The Walking Dead: Season 2 Episode 1: All That Remains

Posted by Jenny Rouse.
First posted on 08 February 2014. Last updated on 15 September 2014.
Clementine knows her way around a gun now.
The Walking Dead: Season 2 Episode 1: All That Remains
Clementine keeps a photo of Lee as a memento.
The Walking Dead: Season 2 Episode 1: All That Remains
Clementine makes a new friend.
The Walking Dead: Season 2 Episode 1: All That Remains
Clementine wakes up to a new group of survivors.
The Walking Dead: Season 2 Episode 1: All That Remains
Not for the squeamish!

The Walking Dead: Season 2

The season is comprised of 5 episodes:

Episode 1: All That Remains

Episode 2: A House Divided

Episode 3: In Harm's Way

Episode 4: Amid the Ruins

Episode 5: No Going Back

The first season of The Walking Dead tells the story of the convict Lee and his moral compass Clementine as they navigate a post zombie apocalyptic world. Developer and publisher Telltale Games has managed to craft and a heart-wrenching (and often gut-wrenching) story that pulls the player through the entire gamut of emotions when confronted with choices of morality and personal ethics. Unsurprisingly, with the debut of the second season, Telltale Games seeks to continue the success of the series. In this context, Episode 1: All That Remains, presents both a welcome return to form and a somewhat worrying opening entry.

A little over a year has passed since the events of the first season. The young Clementine is now a little older, a little wiser, and a little more subdued. Once frightened of guns, she keeps a small handgun of her own in hand almost constantly. Though she is still a little girl, she has lost much of her naïveté. Separated from her friends, Clementine travels alone, looking for a new group of survivors with which she can brave the still desolated world of walkers and bandits.

It was difficult for me to see this first episode of the current season as a standalone entry without the context of the previous season. When I played the first season, I was introduced in the first episode to both of the main characters, Lee and Clementine, who would remain throughout all of the episodes of that season. Though Lee was the only controllable character, I was able to make choices to shape Lee's personality and ultimately influence the extent of Lee's personal redemption based on his interactions with young Clementine. I spent the early part of that episode getting to know both Lee and Clementine, which helped to keep me engrossed in the story during what was in effect a prologue: get to know the main characters in the first half of the episode, bring in supporting characters during the second half of the episode before introducing a cliffhanger ending. With the second season, I felt that I already knew Clementine well, and I no longer needed to spend the early part of this episode getting to know her. Consequently, the beginning of the current season felt a little slow and was not as easy to become engrossed in as it was with the beginning of the previous season.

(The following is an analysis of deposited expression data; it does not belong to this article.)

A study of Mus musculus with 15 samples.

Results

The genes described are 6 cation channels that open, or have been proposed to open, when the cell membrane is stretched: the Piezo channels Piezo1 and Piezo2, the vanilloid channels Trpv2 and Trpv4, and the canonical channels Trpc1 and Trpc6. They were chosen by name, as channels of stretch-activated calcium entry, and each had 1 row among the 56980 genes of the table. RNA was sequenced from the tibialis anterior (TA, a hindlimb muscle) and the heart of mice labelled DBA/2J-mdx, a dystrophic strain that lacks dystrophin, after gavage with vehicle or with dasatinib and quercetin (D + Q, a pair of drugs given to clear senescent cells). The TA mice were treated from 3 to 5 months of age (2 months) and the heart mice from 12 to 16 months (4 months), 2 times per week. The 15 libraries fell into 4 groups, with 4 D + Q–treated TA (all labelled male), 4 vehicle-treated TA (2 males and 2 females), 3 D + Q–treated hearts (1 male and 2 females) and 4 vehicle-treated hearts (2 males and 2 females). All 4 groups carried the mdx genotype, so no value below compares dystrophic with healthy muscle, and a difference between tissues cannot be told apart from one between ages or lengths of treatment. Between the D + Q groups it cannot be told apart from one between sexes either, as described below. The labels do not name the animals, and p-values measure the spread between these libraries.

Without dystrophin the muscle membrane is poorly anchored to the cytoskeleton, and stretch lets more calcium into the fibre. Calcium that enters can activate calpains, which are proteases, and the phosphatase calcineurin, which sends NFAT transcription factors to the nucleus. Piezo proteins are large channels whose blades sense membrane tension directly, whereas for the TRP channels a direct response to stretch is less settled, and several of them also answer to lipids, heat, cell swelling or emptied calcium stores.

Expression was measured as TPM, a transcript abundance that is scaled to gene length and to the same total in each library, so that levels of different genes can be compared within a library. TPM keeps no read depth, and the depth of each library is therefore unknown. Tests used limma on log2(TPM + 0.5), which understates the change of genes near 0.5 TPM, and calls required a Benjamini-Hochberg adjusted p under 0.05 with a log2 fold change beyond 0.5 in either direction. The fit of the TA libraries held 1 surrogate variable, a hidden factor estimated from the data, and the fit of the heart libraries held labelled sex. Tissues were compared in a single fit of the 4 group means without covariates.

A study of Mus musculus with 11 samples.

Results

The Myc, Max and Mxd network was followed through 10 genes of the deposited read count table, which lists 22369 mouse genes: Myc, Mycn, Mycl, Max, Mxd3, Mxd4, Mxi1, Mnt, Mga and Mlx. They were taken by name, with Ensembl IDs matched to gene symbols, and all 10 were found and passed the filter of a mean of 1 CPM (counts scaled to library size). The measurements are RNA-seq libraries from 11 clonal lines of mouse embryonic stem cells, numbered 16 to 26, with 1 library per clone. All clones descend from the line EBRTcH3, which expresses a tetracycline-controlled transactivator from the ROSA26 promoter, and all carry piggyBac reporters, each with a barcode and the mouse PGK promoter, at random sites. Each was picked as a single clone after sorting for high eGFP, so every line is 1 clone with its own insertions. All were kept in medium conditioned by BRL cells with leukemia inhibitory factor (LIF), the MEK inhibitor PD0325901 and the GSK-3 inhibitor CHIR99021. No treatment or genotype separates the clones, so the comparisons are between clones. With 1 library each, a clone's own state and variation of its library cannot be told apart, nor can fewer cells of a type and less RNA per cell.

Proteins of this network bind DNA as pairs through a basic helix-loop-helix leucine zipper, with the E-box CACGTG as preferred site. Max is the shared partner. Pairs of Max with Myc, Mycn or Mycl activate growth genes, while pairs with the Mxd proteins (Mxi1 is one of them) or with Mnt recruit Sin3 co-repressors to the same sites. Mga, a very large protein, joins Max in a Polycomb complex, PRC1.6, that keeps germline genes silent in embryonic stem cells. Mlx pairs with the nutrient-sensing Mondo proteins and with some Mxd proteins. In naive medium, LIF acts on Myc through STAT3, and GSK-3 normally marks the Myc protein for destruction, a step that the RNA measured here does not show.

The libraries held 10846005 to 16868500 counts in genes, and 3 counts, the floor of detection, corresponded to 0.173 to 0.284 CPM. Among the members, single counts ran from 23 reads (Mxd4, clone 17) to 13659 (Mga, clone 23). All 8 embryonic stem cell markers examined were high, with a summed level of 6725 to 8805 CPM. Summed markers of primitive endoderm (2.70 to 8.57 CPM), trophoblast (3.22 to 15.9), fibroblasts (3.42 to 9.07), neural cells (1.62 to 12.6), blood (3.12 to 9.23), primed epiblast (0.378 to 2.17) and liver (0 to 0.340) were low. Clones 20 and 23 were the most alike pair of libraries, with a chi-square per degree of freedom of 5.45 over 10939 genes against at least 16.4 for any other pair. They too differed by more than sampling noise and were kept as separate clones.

As lovable as Clementine is as a character, her effectiveness as a main protagonist is questionable. In first season, she serves as a sort of moral barometer for Lee. She is, in effect, presented as the ultimate good in a world of various shades of gray. The relationship between Lee and Clementine is compelling, in that each betters the other in various ways. By contrast, in the second season (so far), Clementine is lacking an effective foil. Even when she is among other characters, she still very much has a standalone mentality present in both her words and her actions. Despite having hardened somewhat since the first season, she is still presented as goodness and light: there is no questionable moral ground to her character. For example, the player is given a choice to either play Clementine as a hardened survivor or a still innocent little girl. Yet, instead of shaping a character—as the player does with Lee—the choices feel more like a hit-or-miss guessing game: "How would 'my' Clementine respond in this situation?" becomes "How would 'the' Clementine respond in this situation?"—an important distinction to recognize.

That is not to say that this episode is bad—it is not. It holds the dubious honor of being the most gruesome episode in the series to date as well as serving as an introduction to what is promising to be another rollercoaster ride in the land of bloodthirsty walkers and dubious scavengers. Some gameplay mechanics (notably Quick Time Event) have been tweaked for the better, and the cel-shaded comic book effect still looks gorgeous. Despite the questionable appropriateness of Clementine as the main protagonist for the game—as opposed to focusing on a brand new character, perhaps—there is still much to look forward to continuing her story and watching her grow over the rest of the season. I can only hope that the benefit of hindsight after playing the next episode will put my worries about this episode to rest.